Healthy "U" March Newsletter
Where Have All the Flowers Gone?
by Ron Albaugh M.S.'96, Biology/Environmental Science Instructor
Where have all the flowers gone, long time passing? Not every one picked by young girls but the majority reduced or displaced by invasive species, agriculture, development or other anthropogenic activities.
Flowering plants have been around since the Cretaceous period (about 130 million years ago), the majority of which depend on pollinators including some birds and mammals but mostly insects. These plants have coevolved with pollinators and in many cases are dependent on them to reproduce and complete their life cycle. It is estimated that 75 percent of all flowering plants are pollinated by animals. Pollination involves transferring pollen from the male part of a flower (the stamen) to the female part of the same or another flower (the stigma) resulting in fertilization and the production of many fruits and vegetables. It is estimated that one in every three bites of food we eat, or about 35 percent of the world's food crops, depend on animal pollinators to reproduce. Almonds, apples, avocados, bananas, blueberries, cashews, coconuts, coffee, cranberries, figs, grapes, mangoes, melons, nutmeg, peaches, peppermint, pumpkins, strawberries, sugarcane, tea plants, tomatoes and vanilla are but a few examples of pollinated foods.
Alarmingly, our pollinators are in jeopardy. Honeybees, which are not native, as well as wild bees, are suffering from a variety of environmentally related issues. Colony Collapse Disorder (CCD) is a pathological condition affecting a large number of honeybee colonies in which various stresses may lead to the abrupt disappearance of worker bees from the hive, leaving only the queen and newly hatched bees behind; thus causing the colony to stop functioning. There are several possible causes including bee parasites, diseases, pesticides and other chemical toxins, poor hive management and poor nutrition. Malnutrition resulting from a lack of plant biodiversity causes stress to bees, possibly weakening their immune systems.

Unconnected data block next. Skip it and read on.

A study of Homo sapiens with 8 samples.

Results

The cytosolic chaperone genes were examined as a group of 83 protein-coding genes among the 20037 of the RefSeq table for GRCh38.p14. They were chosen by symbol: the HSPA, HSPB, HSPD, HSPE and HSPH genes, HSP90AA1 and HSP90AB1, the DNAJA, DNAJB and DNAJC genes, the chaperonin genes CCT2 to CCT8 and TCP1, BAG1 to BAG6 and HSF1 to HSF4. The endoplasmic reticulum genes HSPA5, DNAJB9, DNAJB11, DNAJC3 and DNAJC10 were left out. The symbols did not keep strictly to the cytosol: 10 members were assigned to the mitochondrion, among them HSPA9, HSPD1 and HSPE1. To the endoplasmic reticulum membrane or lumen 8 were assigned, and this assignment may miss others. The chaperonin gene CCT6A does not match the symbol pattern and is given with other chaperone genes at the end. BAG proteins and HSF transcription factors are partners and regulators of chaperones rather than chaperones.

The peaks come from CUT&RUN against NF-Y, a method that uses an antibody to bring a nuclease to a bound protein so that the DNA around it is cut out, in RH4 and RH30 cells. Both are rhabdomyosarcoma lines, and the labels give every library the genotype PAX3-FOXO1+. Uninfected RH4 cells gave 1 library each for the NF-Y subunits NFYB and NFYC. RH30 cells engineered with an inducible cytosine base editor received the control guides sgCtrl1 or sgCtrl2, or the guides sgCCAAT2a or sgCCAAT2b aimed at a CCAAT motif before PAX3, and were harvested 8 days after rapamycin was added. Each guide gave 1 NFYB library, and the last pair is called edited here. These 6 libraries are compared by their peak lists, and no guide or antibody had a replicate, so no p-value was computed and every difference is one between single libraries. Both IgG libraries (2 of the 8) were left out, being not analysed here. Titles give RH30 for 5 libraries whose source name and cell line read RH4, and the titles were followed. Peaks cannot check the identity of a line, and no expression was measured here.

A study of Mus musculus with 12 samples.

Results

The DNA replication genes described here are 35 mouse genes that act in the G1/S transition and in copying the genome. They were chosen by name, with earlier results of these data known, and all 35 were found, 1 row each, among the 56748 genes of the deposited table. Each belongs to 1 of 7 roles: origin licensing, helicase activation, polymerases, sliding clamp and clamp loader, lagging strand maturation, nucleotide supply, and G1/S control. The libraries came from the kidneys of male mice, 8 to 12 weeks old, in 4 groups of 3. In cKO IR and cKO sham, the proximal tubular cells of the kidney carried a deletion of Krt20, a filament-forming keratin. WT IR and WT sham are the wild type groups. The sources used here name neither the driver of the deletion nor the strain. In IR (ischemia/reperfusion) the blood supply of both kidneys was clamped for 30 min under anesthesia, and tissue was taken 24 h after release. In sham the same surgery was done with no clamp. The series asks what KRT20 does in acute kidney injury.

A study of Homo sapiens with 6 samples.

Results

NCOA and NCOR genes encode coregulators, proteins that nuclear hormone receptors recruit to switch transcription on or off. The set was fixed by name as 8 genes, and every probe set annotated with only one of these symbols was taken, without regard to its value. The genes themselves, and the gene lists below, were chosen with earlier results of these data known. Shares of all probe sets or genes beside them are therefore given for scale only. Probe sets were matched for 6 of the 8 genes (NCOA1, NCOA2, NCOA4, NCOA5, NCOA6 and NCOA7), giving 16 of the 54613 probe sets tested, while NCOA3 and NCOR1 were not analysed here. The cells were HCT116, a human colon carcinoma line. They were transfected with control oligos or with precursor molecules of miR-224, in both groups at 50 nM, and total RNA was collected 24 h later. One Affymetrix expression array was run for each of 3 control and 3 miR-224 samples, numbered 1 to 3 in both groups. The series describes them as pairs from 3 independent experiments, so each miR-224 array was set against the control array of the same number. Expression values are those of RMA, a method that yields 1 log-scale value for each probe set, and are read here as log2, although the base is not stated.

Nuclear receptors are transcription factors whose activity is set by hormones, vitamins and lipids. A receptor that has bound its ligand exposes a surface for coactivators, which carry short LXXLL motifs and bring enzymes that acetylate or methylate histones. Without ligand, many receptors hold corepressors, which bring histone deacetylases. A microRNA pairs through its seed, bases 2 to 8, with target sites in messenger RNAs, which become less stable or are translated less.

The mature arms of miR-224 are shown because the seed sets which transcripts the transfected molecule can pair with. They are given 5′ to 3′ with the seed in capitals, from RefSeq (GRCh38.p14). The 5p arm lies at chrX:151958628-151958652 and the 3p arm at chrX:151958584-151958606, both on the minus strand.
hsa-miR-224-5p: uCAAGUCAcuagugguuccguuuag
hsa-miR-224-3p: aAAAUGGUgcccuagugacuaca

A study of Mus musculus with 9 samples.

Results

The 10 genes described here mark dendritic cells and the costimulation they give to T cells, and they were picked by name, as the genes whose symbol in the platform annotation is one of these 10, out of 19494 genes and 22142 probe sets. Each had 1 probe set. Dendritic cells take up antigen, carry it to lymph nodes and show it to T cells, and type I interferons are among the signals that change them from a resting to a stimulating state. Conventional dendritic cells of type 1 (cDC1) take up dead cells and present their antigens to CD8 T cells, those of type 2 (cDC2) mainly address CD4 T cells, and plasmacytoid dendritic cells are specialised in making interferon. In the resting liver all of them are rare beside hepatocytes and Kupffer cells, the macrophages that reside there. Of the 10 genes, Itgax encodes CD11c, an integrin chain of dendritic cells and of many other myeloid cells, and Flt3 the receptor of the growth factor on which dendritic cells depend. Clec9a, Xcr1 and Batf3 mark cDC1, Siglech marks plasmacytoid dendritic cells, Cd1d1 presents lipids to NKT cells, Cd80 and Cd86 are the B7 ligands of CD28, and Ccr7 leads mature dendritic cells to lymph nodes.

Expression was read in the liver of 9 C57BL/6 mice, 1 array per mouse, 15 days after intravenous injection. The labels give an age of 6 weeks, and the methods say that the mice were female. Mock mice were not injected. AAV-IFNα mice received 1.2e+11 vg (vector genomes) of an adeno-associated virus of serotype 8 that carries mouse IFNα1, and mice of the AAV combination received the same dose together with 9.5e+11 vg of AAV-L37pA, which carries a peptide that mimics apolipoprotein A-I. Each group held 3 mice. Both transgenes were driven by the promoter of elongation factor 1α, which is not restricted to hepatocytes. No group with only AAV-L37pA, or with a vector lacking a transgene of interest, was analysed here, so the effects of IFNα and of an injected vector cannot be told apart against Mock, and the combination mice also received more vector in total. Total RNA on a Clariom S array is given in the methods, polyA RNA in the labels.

This is where I come in. My wife and I own and operate a 100-acre farm in northern Frederick County, Maryland. Our primary crops are soybeans, small grains and mixed hay. Beginning in April 2012, in an attempt to increase the pollen diversity for honeybees and native insects, with the help of Hood graduate student Lisa Kuder, who was working on her master's thesis project, we planted a half acre wildflower plot adjacent to a soybean field. We purchased and planted five pounds of Pollinator Mix, composed of 13 species of native wildflowers and grasses, specifically selected for our region.
Another reason we were interested in establishing the pollinator habitat resulted from a review of scientific literature. This information suggested that insect-mediated pollination of soybeans could actually increase yield. At the conclusion of her project in 2013, Lisa's results indicated that the insect pollinated plants near the wildflower border outperformed the caged, pollination restricted plants nearly twofold, with 24 percent more pods. Even though honey bees were notably scarce while the crop bloomed, it appeared that pollination services were performed primarily by wild bees. Some additional advantages to the establishment of a pollinator habitat includes the attraction of a large number of predatory insects, which serve as natural pest control. Additional data obtained suggest that a well-established canopy of flowering species can alter the hydrology of the surrounding soil, specifically increasing moisture levels and thereby promoting crop growth.
Following Lisa's research, we have increased the pollinator habitat surrounding additional crop fields to an additional two acres. Not only does this increase crop yield but improves insect diversity and hopefully continues to be a site for additional Hood College undergraduate and graduate research projects. Finally, we trust we have restored at least some of the many native flowers that have been missing. I would highly encourage anyone to plant at least a small pollinator garden on their property. Increasing the plant and animal diversity benefits our entire ecosystem and trust me, it will be a source of beauty and amazement for a long time to come.
Lisa Kuder M.S.'14, C'13 in the wildflower plot during her thesis research.
A tiger swallowtail butterfly (Papilio glaucus) resting on a purple cone flower (Echinacea purpurea).
Sources: University of Florida IFAS, The Pollinator Partnership, XERCES Society for Invertebrate Conservation, Ernst Seeds.
Interested in a Lunchtime Walking Group?
If you are interested in walking at lunchtime on Tuesdays, please email Nancy Kaufman by Tuesday, March 28. If there is enough interest and you can make the commitment, a walking group could begin in April!
Mindfulness Meditation and Relaxation
Mindfulness Meditation and Relaxation is held Monday and Thursday afternoons 12:30 pm-1:00 pm in the Meditation and Prayer Room, Chapel basement.
Weekly Chapel Services
All are welcome! Wednesdays 12:30 pm-12:55 pm, Coffman Chapel.
Sol Yoga is sponsoring yoga classed which are being held in the Dance Studio, Gambrill Gymnasium on Wednesdays, 5:15 pm-6:15 pm. Classes are underway and will continue through Wednesday, April 26. Class will not be held on Wednesday, March 15. Uncover, discover, tap into your power and just be. Yoga is what you make it. It can be your hour of peace in a hectic week, a workout, therapy for an ailing joint, or it can transform your life if you let it. The excellent, trained teachers of Sol Yoga will support you on your journey, whatever it may be. Make the commitment. The continuation of yoga sessions is contingent upon your ongoing interest and participation.